Gerry ‘The Monk’ Hutch ‘not anticipated’ to testify in Regency murder trial

Mr Hutch’s barrister Brendan Grehan SC is instead due to put forward his defence during the trial's closing arguments, which are expected to begin tomorrow.

Gerry Hutch

Andrew PhelanSunday World

It is not "anticipated” that Regency Hotel murder accused Gerard “The Monk” Hutch will go into evidence or call any witnesses in his defence, the Special Criminal Court has heard.

Mr Hutch’s barrister Brendan Grehan SC is instead due to put forward his defence during the trial's closing arguments, which are expected to begin tomorrow.

Only his co-accused Jason Bonney, who is charged with facilitating the gangland attack and claiming an alibi defence, has said he is calling witnesses.

Prosecutor Sean Gillane SC said there was now “light at the end of the tunnel” in the trial, which is in its final stages after entering its 13th week today.

Mr Hutch (59), of The Paddocks, Clontarf, Dublin, has pleaded not guilty to murdering Kinahan gang member David Byrne (32) on February 5, 2016.

He was killed when five raiders, three disguised as ERU gardai with assault rifles, stormed the Regency in north Dublin.

The attack at a boxing weigh-in fuelled the Kinahan-Hutch gang feud.

Mr Bonney (52) of Drumnigh Wood, Portmarnock and Paul Murphy (61) of Cherry Avenue, Swords, deny facilitation by providing cars for the attack team.

Mr Murphy’s Toyota Avensis taxi and Mr Bonney’s BMWX5 jeep are both alleged to have been part of a convoy that parked up at GAA grounds before the attack and transported the raiders away afterwards

Former Sinn Fein councillor Jonathan Dowdall had been charged with murder but instead pleaded guilty to facilitation, by helping to book a room at the Regency that was used by the attackers. He was jailed for four years before the trial started and gave evidence against Mr Hutch.

Dowdall courtroom sketch© PA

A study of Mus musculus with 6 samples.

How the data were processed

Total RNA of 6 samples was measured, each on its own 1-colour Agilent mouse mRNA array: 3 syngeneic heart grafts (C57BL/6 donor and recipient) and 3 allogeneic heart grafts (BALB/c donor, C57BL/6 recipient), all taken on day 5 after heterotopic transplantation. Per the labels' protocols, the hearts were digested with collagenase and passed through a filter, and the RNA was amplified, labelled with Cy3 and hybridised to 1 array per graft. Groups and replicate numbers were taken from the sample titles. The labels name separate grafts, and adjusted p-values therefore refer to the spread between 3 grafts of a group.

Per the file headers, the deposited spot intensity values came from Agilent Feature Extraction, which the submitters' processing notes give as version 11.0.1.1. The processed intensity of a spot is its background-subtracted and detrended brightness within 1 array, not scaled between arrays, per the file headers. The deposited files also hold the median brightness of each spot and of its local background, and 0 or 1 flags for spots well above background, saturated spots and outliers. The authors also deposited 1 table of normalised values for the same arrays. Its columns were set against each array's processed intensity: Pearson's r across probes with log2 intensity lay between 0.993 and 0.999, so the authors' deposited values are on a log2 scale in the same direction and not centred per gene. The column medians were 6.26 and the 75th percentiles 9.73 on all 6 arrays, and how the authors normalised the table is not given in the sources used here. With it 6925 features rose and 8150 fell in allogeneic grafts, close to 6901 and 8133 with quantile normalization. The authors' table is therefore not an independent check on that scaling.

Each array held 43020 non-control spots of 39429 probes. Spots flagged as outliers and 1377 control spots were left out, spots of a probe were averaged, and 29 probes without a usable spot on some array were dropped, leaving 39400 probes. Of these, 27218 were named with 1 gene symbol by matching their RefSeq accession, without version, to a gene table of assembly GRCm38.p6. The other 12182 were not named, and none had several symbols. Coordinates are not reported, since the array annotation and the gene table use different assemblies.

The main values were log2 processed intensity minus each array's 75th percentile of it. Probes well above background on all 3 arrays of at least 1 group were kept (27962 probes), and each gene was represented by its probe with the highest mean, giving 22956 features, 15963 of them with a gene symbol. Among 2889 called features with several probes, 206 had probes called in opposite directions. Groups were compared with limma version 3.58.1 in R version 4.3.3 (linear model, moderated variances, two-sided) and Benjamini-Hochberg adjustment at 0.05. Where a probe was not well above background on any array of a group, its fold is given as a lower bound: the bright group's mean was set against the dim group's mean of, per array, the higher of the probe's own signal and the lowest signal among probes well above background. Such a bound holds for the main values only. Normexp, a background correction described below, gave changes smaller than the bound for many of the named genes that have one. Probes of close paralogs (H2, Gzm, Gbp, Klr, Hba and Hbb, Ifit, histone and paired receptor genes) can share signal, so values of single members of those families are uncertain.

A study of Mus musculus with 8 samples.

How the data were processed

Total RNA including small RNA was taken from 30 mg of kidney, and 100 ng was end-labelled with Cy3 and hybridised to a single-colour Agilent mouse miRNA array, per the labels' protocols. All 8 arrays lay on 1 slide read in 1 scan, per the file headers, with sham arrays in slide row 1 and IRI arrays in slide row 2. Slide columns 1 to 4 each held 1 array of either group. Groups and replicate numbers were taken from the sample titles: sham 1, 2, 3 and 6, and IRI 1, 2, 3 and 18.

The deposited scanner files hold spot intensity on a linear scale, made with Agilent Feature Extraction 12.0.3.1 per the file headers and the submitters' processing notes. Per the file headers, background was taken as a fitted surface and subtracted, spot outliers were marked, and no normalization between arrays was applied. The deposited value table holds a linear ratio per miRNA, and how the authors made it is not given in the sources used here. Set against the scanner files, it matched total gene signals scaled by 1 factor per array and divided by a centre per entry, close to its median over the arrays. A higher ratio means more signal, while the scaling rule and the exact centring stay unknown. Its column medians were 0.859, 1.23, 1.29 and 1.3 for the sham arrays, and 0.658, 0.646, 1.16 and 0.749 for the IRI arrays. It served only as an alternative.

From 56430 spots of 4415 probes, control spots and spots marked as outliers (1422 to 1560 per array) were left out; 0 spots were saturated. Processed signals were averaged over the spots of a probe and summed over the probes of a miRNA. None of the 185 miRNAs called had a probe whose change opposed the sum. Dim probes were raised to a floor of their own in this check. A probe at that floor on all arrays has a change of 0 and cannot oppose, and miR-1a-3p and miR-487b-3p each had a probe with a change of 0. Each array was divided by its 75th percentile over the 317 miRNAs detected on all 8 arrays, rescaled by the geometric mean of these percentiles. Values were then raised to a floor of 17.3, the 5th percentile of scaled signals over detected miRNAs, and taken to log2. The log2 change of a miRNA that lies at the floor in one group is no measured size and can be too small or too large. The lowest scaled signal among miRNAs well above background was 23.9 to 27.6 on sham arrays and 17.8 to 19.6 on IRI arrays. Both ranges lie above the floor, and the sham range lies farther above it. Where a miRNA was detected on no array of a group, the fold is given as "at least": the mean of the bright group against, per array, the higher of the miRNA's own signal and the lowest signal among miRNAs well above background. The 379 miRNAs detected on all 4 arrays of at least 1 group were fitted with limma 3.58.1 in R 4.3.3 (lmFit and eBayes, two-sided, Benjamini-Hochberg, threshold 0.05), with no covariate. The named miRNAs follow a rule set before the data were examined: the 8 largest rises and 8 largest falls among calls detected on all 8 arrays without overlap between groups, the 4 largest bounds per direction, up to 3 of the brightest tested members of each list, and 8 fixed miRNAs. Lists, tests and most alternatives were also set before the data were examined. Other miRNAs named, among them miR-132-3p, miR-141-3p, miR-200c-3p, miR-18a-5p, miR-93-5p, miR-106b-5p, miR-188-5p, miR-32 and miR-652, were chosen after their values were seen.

Today Bernard Condon SC, for Mr Murphy, objected to the admissibility of Automatic Number Plate Recognition (ANPR) evidence in the case.

Then, Detective Garda Ronan McMorrow was re-called by the prosecution at the request of Mr Bonney’s defence barrister, John Fitzgerald SC.

Mr Fitzgerald has said Mr Bonney's defence will be that on the day of the murder, his client was not driving his jeep south of Newbrook Avenue, Donaghmede, but his father was, and was seen doing so.

Mr Fitzgerald said he wished to clarify and expand on some aspects of Mr Bonney’s memo of garda interview that were “a bit disjointed.”

The court heard Mr Bonney told gardai in interview in 2016 he had had the BMW for a couple of years and it was registered to his father's company. His father had stopped working and the company went dormant. Mr Bonney told gardai at the time he had had a falling out with his father and they had not spoken for two years.

He had also spoken about being under pressure to get renovation work on his house at Newbrook Avenue done at the time.

Maddie Grant BL, for the prosecution read out a statement from Garda Ellen Ruddy of Buncrana station who said the day before the Regency murder, at 2.29pm, she got a request from the PSNI to check the registration of a car as a number of males were acting suspiciously in Strabane, Co Tyrone. The car, a Toyota Land Cruiser, was registered to Jonathan Dowdall’s electrical firm.

The court heard Mr Hutch's arrest warrant was applied for and granted on March 24, 2021. After today's prosecution evidence, Ms Justice Tara Burns, presiding, said the court would rule on the ANPR admissibility challenge tomorrow morning.

Mr Gillane said “hopefully, there’s light at the end of the tunnel” and that “subject to it not being an oncoming train”, the prosecution would be in a position to close its case tomorrow.

Mr Fitzgerald said Mr Bonney's defence would be going into evidence and could do that tomorrow.

Mr Grehan said: “I don’t anticipate I will be calling any evidence” and Ms Justice Burns replied: “we won’t hold you to that.”

Mr Condon said there was a small piece of CCTV footage that had been extracted from the prosecution’s evidence that he wished to put in as a “sub-exhibit.”

Mr Gillane said he was not going to put any legal impediment in the way of Mr Bonney’s defence evidence, which was not expected to be long.

Ms Justice Burns asked if, “subject to Mr Grehan’s position not changing,” closing speeches could start tomorrow.

Mr Gillane said Fiona Murphy SC would be closing the case for the prosecution and “we will be in a position to do whatever is required of us tomorrow, or the next day.” The trial continues before Ms Justice Burns, Judge Sarah Berkeley and Judge Grainne Malone.